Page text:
Robert Rakove, Kennedy, Johnson and the Nonaligned World

Written by James DiEugenio

Taken as a whole, this is a valuable book. When coupled with Muehlenbeck's Betting on the Africans, much needed light has now been cast over the specifics of Kennedy's dealings with the Third World: how these broke with the past, and how LBJ and Nixon then returned them to their previous state, writes Jim DiEugenio.

Monday, 21 July 2014 16:16

Jeff Greenfield, If Kennedy Lived

Written by James DiEugenio

The once progressive co-author of A Populist Manifesto with this book has written the worst kind of alternative history, one seriously colored by the view from the present, and more specifically, of those who won and those who lost, with a decided bias in favor of those who won, writes Jim DiEugenio.

Monday, 11 August 2014 16:06

Jean Davison, Oswald's Game

Written by James DiEugenio

Oswald's Game really tells us more about the biases and obsessions of Jean Davison on the Kennedy case than it does about its ostensible subject. Which is really the worst thing one can say about a biographer, concludes Jim DiEugenio.

Monday, 20 January 2014 15:53

Robert Dallek, Camelot's Court / An Unfinished Life

Written by James DiEugenio

Dallek has designed both of his books along the lines that Larry Sabato did in The Kennedy Half Century. They are not full and complete works which try and capture all nuances and tendencies in an objective manner; a manner which will actually elucidate for and enlighten the reader. Like Sabato, Dallek wishes to constrict the biography he is writing to keep Kennedy from being any kind of liberal icon, writes Jim DiEugenio.

Tuesday, 04 November 2014 15:44

JFK: A President Betrayed

Written by James DiEugenio

This film is much worth seeing. And it deserved a much larger platform than it got last year. Right now, it's the best screen depiction of Kennedy's foreign policy that I know of, writes Jim DiEugenio.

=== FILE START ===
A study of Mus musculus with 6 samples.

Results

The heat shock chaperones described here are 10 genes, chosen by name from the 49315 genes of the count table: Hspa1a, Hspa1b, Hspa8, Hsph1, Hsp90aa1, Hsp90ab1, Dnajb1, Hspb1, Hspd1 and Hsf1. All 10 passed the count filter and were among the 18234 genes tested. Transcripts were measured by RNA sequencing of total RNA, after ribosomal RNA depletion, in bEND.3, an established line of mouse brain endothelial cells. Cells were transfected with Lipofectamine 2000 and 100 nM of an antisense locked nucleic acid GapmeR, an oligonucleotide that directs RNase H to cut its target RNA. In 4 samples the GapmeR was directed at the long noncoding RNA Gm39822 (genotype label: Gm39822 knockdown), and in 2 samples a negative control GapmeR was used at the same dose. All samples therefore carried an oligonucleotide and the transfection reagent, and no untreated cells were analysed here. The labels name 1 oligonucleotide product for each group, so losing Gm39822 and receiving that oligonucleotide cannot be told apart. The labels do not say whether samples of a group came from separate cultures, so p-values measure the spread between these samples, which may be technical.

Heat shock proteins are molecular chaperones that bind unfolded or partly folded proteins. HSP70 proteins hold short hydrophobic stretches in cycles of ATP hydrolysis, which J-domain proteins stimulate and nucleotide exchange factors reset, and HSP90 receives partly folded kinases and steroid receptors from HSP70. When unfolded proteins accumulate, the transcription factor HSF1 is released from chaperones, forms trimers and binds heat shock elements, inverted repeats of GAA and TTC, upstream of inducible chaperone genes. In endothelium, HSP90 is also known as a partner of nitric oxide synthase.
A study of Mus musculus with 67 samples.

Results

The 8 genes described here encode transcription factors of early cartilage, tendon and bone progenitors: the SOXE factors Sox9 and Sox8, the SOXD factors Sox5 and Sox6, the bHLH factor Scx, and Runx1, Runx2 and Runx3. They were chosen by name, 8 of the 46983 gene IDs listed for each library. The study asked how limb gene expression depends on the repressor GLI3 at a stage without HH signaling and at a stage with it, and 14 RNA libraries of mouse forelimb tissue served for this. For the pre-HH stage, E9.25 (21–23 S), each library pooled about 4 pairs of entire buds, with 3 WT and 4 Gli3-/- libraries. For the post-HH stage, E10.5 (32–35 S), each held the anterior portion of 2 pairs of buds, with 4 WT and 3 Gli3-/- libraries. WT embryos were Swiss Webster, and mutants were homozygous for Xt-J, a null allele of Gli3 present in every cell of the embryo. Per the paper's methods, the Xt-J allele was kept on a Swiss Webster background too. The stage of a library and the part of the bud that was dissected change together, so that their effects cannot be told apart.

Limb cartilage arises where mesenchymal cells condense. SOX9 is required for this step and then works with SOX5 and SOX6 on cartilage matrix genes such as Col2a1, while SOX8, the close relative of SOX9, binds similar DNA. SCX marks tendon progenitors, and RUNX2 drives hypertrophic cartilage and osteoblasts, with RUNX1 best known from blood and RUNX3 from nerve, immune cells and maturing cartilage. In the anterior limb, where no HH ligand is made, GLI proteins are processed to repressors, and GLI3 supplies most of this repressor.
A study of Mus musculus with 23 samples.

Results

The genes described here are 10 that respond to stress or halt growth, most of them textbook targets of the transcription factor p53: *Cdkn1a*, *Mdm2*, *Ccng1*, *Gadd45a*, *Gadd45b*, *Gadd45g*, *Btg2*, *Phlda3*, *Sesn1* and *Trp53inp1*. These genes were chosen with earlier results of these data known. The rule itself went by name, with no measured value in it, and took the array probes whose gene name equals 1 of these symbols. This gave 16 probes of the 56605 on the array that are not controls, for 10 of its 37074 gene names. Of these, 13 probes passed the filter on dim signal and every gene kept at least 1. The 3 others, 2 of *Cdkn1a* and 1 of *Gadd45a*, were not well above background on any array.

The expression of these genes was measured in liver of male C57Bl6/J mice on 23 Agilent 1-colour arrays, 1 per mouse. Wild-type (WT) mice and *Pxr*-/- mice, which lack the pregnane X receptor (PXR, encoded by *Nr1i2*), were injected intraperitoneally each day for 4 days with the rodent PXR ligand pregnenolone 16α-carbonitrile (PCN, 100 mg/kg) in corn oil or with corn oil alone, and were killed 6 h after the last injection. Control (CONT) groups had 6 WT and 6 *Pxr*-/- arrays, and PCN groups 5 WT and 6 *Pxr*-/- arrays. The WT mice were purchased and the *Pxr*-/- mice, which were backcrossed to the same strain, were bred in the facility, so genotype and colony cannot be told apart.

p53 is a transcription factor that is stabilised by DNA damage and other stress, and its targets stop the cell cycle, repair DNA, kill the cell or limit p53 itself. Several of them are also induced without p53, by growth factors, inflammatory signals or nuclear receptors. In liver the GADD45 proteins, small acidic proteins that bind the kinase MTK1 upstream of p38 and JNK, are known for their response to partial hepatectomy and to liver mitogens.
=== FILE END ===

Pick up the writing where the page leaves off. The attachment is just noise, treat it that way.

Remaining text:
Monday, 11 November 2013 21:46

When Tony Summers Fell in Love with Patricia Lambert

Written by James DiEugenio

Jim DiEugenio writes of how the author of what was a good book on the JFK case when it first came out has subsequently held less tenable views of both John Kennedy and his assassination, and how he blindly jettisons Garrison's achievements.

[This] book is more about the CIA's nefarious and illegal operations, including the MK/ULTRA project. If you are interested in learning more about the shadowy world of the CIA, this is a good book. If you are interested in learning more about what happened to JFK and why he was assassinated, I believe there are many books out there that do a better job in answering your questions, writes Vasilios Vazakas.

Tuesday, 26 November 2013 20:14

Cold Case JFK vs. Cold Hard JFK Facts

Written by David Mantik

A critical review of the NOVA production (November 14, 2013) – "Cold Case JFK."

A valiant book that sometimes stumbles and falls short of its proclaimed goal ... On the other hand, the author does a skillful job on several core topics, writes Dr. David Mantik.

Tuesday, 17 May 2011 15:49

David Halberstam, The Best and the Brightest, Part 2

Written by James DiEugenio

Jim DiEugenio continues his re-examination of Halberstam, emphasizing the near total antithesis between LBJ and JFK in terms of Vietnam (and foreign policy in general) which the book all but erased.